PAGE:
If you duck into Samad's Gourmet for a loaf of fresh Mediterranean bread, you might hear footsteps on the ceiling or the strains of soft music rumbling from above. Upstairs, the Heights Bar & Grill is in full swing, as Columbia students and locals chatter animatedly and bartenders dart about, blending frozen margaritas and mixing mojitos. Their faces are illuminated by strings of colorful lights and cooled in the summer by a breeze that drifts in through tall windows. The mood is equally lively on the third-floor roof deck, where guests clink pint-size drinks over overstuffed burritos and mountains of meaty nachos. Others recline on sofas, listening to the hum of the streets or of Broadway below. During winter months, the deck is covered with a retractable roof, shielding patrons from snow and wind.
In 13 words, New York Magazine succinctly described the low-key, yet decidedly cultured vibe inside Barcibo Enoteca: " The wine list is gigantic, the post-Lincoln Center crowds are surprisingly not." From its station adjacent to the illustrious concert hall, the intimate, two-level wine bar trades exclusively in Italian varietals—more than 130 bottles, to be exact. With a little advice from the knowledgeable staff, diners can imbibe on Tuscans and Piedmontese, as well as more uncommon wines such as as Mesa Buio and Foradori. The wine list includes 40 options by the glass and also features artisan bourbons and craft beers. To complement the libations, a menu crafted with sharing in mind features such Italian flavors as grilled sweet sausage risotti, baked veal meatballs, and prosciutto Panini. With 65 seats, Barcibo Enoteca is an expansion of its nearby sister wine bar, Bin 71. Guests dwell in two dining rooms, nestling into high leather booths with marble tables illuminated by Edison-bulb lanterns.
Though its name implies a worn out, old hole-in-the-wall-style bar, Dive 75 defies expectations. Here, warm lighting casts over a gleaming wooden bar that supports elbows as guests dig into expansive upscale menu and sip single-malt scotches and choose from a lengthy list of bourbons, tequilas, and wines. The chefs whip up more than just bar peanuts and popcorn, instead fashioning plates brimming with seafood, a range of vegetarian burgers and sandwiches, and a bountiful array of breakfast meals. They further dazzle taste buds with options such as Quebecois poutine and buffalo-met hot dogs, all cooked in trans-fat-free oil, which patrons sample amid views of the expansive built-in aquarium.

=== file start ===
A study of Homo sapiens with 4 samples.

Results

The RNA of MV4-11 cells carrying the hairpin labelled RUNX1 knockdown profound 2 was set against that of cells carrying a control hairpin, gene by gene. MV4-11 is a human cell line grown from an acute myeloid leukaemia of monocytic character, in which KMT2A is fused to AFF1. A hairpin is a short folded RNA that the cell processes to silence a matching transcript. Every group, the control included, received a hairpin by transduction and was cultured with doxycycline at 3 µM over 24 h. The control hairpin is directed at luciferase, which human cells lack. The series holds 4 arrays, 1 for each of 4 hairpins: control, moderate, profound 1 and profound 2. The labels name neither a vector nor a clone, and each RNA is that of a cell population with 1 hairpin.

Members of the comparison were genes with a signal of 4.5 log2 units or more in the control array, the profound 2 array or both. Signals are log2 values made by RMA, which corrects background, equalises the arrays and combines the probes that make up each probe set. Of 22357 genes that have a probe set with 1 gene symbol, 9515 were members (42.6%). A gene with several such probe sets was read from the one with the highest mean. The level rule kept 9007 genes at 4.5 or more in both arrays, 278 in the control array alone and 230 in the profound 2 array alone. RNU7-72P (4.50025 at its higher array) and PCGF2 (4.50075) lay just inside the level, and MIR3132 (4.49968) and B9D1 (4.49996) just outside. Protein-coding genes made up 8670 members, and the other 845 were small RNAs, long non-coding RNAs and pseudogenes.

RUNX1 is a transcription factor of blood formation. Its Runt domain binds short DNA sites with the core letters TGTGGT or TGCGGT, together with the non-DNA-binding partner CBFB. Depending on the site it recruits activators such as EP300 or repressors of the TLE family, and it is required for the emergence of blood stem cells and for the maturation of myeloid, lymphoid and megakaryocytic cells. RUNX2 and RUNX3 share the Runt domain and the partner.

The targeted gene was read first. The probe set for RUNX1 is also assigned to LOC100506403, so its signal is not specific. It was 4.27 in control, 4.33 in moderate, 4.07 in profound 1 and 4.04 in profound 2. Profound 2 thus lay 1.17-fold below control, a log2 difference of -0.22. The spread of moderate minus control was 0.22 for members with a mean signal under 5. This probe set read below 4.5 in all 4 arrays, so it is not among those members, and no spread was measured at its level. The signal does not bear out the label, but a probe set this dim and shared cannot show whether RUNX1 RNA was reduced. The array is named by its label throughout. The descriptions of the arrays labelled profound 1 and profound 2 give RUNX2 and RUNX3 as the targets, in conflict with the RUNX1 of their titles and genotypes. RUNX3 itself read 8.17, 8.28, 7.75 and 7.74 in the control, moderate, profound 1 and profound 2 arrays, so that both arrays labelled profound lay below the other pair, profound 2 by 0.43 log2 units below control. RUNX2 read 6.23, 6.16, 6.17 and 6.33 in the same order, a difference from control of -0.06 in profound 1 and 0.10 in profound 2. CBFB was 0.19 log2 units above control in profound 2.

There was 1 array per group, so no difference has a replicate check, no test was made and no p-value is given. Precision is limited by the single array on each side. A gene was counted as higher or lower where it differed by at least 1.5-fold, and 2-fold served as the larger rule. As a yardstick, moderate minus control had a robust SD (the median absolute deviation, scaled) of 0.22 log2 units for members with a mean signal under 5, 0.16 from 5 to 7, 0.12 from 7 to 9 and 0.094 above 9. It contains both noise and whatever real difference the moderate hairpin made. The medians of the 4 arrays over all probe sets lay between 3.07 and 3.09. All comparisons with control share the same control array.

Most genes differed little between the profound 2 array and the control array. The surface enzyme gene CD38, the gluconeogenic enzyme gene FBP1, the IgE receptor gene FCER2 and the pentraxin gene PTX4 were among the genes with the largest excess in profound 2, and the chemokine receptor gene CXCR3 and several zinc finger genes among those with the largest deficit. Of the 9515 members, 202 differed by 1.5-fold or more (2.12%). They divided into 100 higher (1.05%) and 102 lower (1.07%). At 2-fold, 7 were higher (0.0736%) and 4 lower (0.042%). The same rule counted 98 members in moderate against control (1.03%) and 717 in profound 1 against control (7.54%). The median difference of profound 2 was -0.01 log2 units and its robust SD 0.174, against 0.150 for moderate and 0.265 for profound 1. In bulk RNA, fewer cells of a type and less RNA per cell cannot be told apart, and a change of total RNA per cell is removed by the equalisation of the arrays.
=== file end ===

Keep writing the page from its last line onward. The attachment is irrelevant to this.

Named after the iconic Central Park monument, Cleopatra’s Needle has earned a reputation of its own with a daily schedule of open mics, jam sessions, and jazz performances. As one might expect, the club’s menu references Egypt and other Mediterranean locales, though its cocktail list is classic New York—martinis, wines, and frozen drinks are all well represented. While the performers are taking a break to warm up their vocal cords or massage the grand piano’s tense strings, guests can watch local sports on the big screen.
Rose petals speckle the candlelit stairway that descends into Shalel Lounge, establishing a romantic vibe that permeates the entire space. As vanilla smoke curls from a smoldering incense stick, guests canoodle in shadowy corners or private cavernous rooms. Here and there, lanterns and sequined throw pillows channel a Moroccan aesthetic that extends to the menu, which includes marinated olives, bruschetta, and lamb cigars. Each small dish occupies a square ceramic, supplying three or four heavily spiced bites. According to Serious Eats, Shalel Lounge is best suited for "a sexytime date."
Beneath a 24-karat gold-leafed ceiling, patrons admire murals hand-painted by famed Madeline author Ludwig Bemelmans. Bartender’s choices and seasonal selections rotate into a regular menu that includes rare scotches, small-batch whiskeys, and cocktails such as a passion royale with passion-fruit vodka, champagne, and fresh limejuice.